If you thought that the general football community in the state of Ohio was going to just let the entire Jim Tressel-tattoogate debacle slide quietly into the night now that the honorable sweater vest has resigned from his post, think again.
If the plan (which was first reported by Ohio high school sports site J.J. Huddle) goes through, it will effectively give all high school coaches in the state of Ohio a dress code for their opening game of the 2011 season. The OHSFCA recommended that every coach wear a white shirt and tie -- an outfit befitting the sweater-vested coaching wonder -- for their teams' opening game.
According to the Cincinnati Enquirer, the move is intended to serve as a thank you for the support Tressel gave to the OHSFCA during his Ohio State tenure. The measure, which was first proposed by Solon (Ohio) High coach Jim McQuaide, would provide a tip of the cap for Tressel, though it's somewhat questionable exactly what he did to help the OHSFCA.
Instead, the organization itself seems to have done plenty for Tressel over the years. First, the high school organization issued a stirring letter of support for Tressel in the midst of the Ohio State scandal. Then, on July 8, it inducted the Ohio State coach into its Hall of Fame, despite the fact that he never served as a high school coach at all.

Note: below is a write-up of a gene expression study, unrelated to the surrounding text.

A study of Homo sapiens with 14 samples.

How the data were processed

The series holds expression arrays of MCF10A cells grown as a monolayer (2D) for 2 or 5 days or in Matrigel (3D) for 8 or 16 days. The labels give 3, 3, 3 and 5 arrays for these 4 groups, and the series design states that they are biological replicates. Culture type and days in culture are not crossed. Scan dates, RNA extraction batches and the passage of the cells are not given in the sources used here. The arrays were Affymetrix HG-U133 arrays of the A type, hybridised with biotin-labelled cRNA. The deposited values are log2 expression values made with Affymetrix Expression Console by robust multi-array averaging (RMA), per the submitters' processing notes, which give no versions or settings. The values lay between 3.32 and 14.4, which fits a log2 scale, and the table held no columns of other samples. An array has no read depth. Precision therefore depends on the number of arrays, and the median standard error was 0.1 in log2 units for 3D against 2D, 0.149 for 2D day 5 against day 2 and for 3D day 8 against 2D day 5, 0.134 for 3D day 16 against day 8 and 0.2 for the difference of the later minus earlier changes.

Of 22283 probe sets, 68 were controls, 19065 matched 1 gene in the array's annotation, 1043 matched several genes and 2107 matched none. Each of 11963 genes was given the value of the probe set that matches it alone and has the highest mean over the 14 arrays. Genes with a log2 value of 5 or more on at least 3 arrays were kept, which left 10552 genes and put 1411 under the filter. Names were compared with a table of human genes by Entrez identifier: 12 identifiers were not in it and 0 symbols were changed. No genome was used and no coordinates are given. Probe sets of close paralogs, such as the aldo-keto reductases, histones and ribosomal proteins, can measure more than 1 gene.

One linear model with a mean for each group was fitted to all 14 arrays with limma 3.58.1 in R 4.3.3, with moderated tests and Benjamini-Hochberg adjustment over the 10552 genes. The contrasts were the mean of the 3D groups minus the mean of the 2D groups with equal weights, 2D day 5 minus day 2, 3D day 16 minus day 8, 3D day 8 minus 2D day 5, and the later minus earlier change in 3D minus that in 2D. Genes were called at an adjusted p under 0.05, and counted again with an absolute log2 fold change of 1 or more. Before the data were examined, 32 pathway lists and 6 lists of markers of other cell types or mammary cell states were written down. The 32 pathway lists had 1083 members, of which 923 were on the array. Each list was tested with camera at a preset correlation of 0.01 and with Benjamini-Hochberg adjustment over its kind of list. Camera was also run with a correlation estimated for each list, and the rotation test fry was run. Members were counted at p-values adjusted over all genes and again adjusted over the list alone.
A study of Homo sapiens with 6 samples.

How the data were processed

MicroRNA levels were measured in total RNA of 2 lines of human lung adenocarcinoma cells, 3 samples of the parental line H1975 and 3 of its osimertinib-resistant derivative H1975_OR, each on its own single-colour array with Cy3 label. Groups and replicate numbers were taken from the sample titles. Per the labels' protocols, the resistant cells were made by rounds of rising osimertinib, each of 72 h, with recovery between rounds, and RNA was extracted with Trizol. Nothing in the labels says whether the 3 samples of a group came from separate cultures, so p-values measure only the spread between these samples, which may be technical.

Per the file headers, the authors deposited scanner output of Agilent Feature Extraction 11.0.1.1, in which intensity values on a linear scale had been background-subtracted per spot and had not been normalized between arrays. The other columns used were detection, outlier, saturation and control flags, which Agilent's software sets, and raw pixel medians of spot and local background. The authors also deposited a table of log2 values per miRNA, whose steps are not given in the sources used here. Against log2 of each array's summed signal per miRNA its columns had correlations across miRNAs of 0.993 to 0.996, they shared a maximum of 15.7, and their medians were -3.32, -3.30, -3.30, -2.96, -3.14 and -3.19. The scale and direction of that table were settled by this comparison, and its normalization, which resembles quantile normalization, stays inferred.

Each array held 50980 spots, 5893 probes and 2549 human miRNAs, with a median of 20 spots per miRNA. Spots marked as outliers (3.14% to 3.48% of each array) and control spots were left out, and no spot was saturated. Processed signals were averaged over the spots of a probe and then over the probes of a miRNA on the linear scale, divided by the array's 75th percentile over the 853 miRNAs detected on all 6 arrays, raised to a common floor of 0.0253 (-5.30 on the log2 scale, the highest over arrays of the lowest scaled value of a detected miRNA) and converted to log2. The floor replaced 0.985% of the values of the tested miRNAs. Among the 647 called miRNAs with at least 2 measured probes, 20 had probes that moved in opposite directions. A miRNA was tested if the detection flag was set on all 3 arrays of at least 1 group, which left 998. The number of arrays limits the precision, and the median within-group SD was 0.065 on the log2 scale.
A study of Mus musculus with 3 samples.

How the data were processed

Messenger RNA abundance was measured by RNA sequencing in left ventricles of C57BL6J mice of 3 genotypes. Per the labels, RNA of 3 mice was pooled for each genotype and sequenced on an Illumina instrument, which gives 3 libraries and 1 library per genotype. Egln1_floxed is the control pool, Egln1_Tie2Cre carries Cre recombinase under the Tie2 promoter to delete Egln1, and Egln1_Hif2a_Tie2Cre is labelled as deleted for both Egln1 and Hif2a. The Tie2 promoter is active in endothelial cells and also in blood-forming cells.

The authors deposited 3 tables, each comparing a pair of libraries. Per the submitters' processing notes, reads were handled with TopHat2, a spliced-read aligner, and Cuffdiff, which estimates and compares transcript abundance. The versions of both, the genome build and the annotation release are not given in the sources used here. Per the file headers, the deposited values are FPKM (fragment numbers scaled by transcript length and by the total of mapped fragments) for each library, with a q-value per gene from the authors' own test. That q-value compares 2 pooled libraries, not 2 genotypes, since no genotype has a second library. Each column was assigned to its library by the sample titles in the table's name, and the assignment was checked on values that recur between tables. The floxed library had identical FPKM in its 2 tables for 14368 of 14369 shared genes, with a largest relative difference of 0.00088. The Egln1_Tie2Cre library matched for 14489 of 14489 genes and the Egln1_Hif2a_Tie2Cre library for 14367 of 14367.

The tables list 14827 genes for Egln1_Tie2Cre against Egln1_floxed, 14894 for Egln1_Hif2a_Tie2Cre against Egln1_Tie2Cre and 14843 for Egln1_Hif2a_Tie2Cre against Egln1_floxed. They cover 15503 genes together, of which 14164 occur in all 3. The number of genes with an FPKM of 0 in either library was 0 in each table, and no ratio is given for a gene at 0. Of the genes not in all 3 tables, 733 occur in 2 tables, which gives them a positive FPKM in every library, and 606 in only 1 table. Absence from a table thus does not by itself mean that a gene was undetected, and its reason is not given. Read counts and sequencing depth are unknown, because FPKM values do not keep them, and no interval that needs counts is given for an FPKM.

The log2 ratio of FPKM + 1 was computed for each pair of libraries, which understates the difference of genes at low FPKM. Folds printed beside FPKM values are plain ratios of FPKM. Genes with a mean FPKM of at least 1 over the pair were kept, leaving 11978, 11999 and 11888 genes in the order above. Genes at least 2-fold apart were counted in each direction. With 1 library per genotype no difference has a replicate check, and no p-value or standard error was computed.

Of course, none of that means that Tressel isn't worthy of a tribute from an organization devoted to Ohio high school football first and foremost. Ohio State's reign near the top of the college football world under Tressel's reign helped make a number of Ohio-bred recruits some of the most visible football players in college football.
Now, those players' early coaches appear set to honor the man who guided them in college in a quirky way which might even bring a wry smile to those who dislike Tressel as much as most in Ohio love him.